Thursday, February 13, 2014

Monuments Men: Why George Clooney Nailed It

Fig. 1 Ghent Altarpiece, by Jan Van Eyck   Image source: www.ibiblio.org

Monuments Men is a historical drama about a select group of scholars-turned-soldiers, who inject themselves into the throes of World War II with a single purpose:  to find and return Europe’s priceless works of art, many of which were being stolen, hidden and eventually destroyed by the Axis powers (e.g., fig. 1, 2).  I went to the theater hoping for an intelligent, emotionally uplifting experience.  This film exceeded my expectations and left me struggling to answer a profound question.  Without revealing much that can’t be gleaned from the trailers, one of its central debates was unveiled in the opening scene:  “Is a piece of art worth a human life?”

Fig. 2 Madonna and Child, by Michelangelo 
 Image Source: www.wikimedia.org

Rather than approach this with a single "yes" or "no," I must argue that the two are not so easily separated.  Instead, I want to dig to the root of the question.  When soldiers and civilians alike are being sacrificed every day on both sides of a worldwide revolution, why risk more lives to save inanimate objects?  There is obviously no replacement for human lives lost, whereas war zones reduced to rubble can be rebuilt.  So why can’t art, reduced to ashes, be recreated?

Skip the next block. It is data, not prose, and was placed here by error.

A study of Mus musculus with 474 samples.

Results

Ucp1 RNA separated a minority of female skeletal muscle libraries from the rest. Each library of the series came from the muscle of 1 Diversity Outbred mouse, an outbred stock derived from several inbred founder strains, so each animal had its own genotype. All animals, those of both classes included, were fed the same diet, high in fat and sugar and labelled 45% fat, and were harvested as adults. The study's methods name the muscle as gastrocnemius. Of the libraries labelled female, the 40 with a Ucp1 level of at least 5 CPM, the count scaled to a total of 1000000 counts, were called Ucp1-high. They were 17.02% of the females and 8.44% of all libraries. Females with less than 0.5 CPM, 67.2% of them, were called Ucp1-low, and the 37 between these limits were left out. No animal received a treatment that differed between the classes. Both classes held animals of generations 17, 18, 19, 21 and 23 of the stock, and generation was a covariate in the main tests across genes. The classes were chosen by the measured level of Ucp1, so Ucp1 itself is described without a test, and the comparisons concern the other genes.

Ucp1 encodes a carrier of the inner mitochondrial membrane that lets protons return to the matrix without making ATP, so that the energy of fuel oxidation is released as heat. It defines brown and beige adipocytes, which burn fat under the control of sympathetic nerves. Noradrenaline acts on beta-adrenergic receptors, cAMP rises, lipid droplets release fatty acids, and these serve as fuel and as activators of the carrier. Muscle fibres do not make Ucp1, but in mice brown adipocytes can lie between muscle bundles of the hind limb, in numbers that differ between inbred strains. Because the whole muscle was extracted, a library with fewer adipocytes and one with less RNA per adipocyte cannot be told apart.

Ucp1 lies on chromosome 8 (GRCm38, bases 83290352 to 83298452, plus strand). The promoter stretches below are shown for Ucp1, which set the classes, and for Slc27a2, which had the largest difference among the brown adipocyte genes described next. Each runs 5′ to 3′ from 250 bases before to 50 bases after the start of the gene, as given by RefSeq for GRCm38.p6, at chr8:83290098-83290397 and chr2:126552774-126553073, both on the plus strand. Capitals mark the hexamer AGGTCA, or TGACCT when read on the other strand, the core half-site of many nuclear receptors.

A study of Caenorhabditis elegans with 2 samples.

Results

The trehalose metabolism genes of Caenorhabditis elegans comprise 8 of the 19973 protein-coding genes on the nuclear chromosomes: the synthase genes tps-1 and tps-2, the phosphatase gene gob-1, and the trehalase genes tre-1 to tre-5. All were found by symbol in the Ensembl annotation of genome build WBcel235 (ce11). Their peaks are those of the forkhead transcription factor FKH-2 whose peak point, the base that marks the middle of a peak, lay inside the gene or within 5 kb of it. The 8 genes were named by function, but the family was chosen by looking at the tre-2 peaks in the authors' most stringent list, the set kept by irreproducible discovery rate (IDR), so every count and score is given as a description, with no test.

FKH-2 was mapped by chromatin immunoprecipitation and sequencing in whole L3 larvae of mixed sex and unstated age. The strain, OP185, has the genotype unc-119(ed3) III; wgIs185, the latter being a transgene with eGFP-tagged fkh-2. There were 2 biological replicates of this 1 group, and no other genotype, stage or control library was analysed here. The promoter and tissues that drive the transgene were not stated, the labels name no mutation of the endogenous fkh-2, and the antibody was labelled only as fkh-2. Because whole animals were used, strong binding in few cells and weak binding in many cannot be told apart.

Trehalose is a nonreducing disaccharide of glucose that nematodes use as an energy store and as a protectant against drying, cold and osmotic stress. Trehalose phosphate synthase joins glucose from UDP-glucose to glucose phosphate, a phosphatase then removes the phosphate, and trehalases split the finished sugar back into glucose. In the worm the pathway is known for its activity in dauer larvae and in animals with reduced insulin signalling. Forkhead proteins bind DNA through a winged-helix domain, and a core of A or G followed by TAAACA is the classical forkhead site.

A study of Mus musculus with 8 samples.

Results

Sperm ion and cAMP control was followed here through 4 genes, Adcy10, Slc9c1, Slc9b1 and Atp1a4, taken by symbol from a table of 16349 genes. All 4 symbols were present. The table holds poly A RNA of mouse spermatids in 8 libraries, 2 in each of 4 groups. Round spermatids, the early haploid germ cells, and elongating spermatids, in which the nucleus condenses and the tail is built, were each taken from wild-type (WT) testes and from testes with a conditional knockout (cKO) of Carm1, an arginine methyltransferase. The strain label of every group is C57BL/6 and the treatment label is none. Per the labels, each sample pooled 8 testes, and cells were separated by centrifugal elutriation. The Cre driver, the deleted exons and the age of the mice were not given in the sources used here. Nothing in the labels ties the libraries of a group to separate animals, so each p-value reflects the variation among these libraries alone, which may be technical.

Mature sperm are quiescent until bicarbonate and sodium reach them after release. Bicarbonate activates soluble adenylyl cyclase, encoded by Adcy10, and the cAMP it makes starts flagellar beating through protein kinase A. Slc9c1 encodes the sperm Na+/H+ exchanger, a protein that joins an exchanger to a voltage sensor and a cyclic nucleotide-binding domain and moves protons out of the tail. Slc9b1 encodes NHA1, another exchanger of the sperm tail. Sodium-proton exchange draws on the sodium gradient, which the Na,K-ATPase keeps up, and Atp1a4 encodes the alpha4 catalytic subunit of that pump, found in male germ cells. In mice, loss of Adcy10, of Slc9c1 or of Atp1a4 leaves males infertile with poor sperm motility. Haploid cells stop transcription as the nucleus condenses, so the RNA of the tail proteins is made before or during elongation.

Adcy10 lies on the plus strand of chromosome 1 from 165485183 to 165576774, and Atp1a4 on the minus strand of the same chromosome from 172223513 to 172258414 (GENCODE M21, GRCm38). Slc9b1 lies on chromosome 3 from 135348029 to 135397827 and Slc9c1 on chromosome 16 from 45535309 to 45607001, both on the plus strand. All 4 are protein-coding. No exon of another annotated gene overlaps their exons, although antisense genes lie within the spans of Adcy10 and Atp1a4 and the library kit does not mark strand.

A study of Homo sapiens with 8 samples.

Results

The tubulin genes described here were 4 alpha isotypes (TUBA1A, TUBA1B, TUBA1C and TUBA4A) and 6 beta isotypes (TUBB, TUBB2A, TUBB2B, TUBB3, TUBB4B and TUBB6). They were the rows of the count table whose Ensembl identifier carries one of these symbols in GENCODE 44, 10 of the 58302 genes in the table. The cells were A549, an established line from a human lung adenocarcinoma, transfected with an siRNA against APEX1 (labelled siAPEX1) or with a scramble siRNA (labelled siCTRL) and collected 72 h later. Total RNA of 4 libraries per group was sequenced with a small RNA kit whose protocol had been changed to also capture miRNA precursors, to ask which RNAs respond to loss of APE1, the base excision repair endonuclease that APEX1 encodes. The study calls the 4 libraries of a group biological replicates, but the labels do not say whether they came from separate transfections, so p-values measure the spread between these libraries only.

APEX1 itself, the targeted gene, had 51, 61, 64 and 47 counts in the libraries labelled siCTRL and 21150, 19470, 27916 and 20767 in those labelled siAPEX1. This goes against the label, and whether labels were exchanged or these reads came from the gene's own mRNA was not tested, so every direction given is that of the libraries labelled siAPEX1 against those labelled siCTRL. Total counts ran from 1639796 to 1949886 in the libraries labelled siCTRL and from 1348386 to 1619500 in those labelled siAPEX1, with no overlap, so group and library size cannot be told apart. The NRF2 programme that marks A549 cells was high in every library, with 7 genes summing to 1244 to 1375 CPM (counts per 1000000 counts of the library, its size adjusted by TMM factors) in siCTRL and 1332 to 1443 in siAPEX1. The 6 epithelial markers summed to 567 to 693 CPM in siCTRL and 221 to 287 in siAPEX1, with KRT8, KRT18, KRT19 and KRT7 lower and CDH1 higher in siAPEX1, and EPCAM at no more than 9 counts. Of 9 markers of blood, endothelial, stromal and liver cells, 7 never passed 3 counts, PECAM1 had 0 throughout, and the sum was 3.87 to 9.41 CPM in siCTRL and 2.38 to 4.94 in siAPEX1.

Art, as humanity’s universal language, serves a crucial role in human history.  The best artists can’t help but leave an imprint of their soul on every finished piece.  Those who achieve the elite status of Michelangelo, Monet or Matisse, do so through their artwork’s unique ability to cross generational and cultural boundaries, which encourages the wider world to rethink its views on that particular subject matter.  Without art, society as we know it could never have existed.  

Beverly Sills is famous for saying, “Art is the signature of civilizations.”  Even prehistoric mankind found a way to record their beliefs, traditions and the events that shaped their lives.  Thousands of years before the first writing systems were developed, our ancestors began leaving tangible memories of their presence.  Far from rudimentary attempts, many of the surviving sculptures and paintings are still studied today.  By examining artwork from a particular time and place, you gain valuable insight about the inhabitants’ cultural influences, as well as your own.  By preserving and protecting historical works of art, we retain that intrinsic connection to our past.  By fighting to maintain public access, we prioritize our humanity.